Cozumel is an island deeply
rooted in its past, but poised for its future. The Mayans
lived on the island sporadically from 300 to 1200 A.D. and
the name Cozumel is derived from the Mayan Cuzamil, or “land
of the swallows.” Over time, the Mayan word changed
into the Spanish name of Cozumel.
Because of its location, Cozumel was a center for
trade. Its main exports were salt and honey, both as good as gold
in those times. The island also served as main distribution point
for canoes carrying goods from far away places.
Cozumel also has a strong sacred past. After the Mayans settled
on the island, people from all over Mesoamerica would travel to
Cozumel by canoe to worship Ixchel, the deity of moon, fertility
In 1519, the popular Spanish-born Mexican explorer Hernán
Cortés sought out Cozumel after hearing tales of others travels.
Cortés laid claim to Cozumel and the island became the starting
point for the conquest of Mexico. Between 1519 and 1570, the island's
population dropped from 40,000 to 30. Mayans that weren’t
massacred by the Spanish were killed off by diseases like smallpox,
leaving the island abandoned by 1600.
Cozumel was also quite popular with pirates who, for nearly centuries,
utilized the island’s safe harbors and the Maya’s temples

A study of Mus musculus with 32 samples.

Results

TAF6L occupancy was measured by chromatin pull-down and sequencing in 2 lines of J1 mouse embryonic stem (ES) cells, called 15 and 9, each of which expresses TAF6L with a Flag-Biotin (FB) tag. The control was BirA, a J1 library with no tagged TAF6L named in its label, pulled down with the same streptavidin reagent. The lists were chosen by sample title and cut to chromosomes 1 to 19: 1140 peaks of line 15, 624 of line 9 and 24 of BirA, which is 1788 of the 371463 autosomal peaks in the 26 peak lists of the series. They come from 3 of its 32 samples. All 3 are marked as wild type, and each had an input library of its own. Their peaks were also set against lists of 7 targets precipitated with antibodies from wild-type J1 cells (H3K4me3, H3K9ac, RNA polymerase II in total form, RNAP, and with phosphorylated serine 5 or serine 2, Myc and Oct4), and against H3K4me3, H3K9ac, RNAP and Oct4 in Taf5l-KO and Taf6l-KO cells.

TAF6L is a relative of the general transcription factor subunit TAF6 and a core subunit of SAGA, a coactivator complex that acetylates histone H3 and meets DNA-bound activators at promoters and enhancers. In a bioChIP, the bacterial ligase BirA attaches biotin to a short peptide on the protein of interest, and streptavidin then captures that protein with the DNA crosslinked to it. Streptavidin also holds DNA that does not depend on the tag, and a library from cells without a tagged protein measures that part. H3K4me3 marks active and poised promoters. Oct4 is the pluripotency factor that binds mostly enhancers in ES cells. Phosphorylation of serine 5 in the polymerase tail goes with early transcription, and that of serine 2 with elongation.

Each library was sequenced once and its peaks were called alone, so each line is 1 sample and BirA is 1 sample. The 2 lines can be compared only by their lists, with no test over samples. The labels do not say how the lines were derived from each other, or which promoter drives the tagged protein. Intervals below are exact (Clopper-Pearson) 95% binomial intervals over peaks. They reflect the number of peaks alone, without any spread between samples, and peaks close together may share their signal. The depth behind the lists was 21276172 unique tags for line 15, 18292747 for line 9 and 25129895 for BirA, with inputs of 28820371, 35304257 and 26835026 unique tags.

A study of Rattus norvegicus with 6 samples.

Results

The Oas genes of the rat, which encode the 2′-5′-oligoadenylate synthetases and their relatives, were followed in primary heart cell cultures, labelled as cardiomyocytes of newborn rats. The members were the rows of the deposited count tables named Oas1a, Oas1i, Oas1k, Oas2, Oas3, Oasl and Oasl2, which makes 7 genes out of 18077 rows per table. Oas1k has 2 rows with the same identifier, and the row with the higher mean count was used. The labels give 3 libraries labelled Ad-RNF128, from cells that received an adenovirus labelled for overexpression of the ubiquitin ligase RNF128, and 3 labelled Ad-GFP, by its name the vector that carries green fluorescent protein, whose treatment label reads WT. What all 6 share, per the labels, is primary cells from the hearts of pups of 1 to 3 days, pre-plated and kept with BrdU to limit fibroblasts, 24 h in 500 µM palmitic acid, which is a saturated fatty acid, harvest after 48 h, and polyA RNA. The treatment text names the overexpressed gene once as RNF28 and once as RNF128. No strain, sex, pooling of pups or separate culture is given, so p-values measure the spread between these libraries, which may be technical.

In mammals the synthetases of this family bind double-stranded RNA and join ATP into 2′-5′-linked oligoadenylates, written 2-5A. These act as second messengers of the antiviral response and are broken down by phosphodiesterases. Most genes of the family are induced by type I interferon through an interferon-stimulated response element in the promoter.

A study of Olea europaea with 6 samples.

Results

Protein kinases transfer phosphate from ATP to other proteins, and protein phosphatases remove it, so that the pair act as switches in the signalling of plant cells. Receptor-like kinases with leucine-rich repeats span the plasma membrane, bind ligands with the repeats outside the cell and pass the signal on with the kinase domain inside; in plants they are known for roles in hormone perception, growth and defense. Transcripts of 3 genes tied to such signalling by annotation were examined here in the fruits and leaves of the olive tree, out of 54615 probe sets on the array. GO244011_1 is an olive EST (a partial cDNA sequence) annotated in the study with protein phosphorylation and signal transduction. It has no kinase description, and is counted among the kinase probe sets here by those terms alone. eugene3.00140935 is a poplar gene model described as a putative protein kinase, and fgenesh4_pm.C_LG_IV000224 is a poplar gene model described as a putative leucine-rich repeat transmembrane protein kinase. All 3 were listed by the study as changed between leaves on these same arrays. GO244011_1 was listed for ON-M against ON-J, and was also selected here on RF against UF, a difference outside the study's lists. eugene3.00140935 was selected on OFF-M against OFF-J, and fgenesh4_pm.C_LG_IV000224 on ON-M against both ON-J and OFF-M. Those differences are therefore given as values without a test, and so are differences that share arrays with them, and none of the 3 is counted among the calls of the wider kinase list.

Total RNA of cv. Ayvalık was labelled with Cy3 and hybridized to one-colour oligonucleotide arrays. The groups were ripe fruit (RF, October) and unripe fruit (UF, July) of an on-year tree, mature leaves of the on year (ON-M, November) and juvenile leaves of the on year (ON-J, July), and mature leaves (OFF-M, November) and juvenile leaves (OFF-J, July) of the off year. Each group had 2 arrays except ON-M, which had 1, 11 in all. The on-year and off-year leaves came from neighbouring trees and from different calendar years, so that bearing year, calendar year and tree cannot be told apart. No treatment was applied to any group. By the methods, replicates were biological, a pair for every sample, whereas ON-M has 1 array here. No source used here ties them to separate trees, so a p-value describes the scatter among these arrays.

as hiding spots for their treasure. The notorious Henry Morgan and
Jean Lafitte were among the several pirates that frequented the
In 1848, the abandoned island once again accepted settlers. The
brutal War of the Castes caused 20 families to flee Mexico and resettle
Cozumel. Their descendants still reside on the island.
The start of the 20th century was fairly prosperous for the island.
It had become a stop-over for large vessels and the island began
capitalizing on its large stock of zapote trees, which produce chicle,
a main ingredient in chewing gum. The search for chicle in the wild
brush led to the discovery of ancient ruins and brought on visits
by archaeologists from all over the world. This hustle and bustle
of visitors soon died down as the airplane wiped out many ship routes
and synthetic ingredients replaced chicle in chewing gum.
Americans first descended on to the island during World War II
when an airstrip and submarine base were built. Drawn by the clear
water, the military trained their frogmen on the island and word
quickly spread about the underwater vistas of Cozumel.
The world really began to notice Cozumel in the 1960s when famous
diver Jacques Cousteau featured the island and its beautiful underwater
coral reef mazes of on his popular TV program. Since then, tourists
have flocked to the island to enjoy diving and snorkeling in this
tropical slice of heaven.
Cozumel's current population is more than 75,000, a staggering
figure considering it was totally abandoned just 150 years earlier.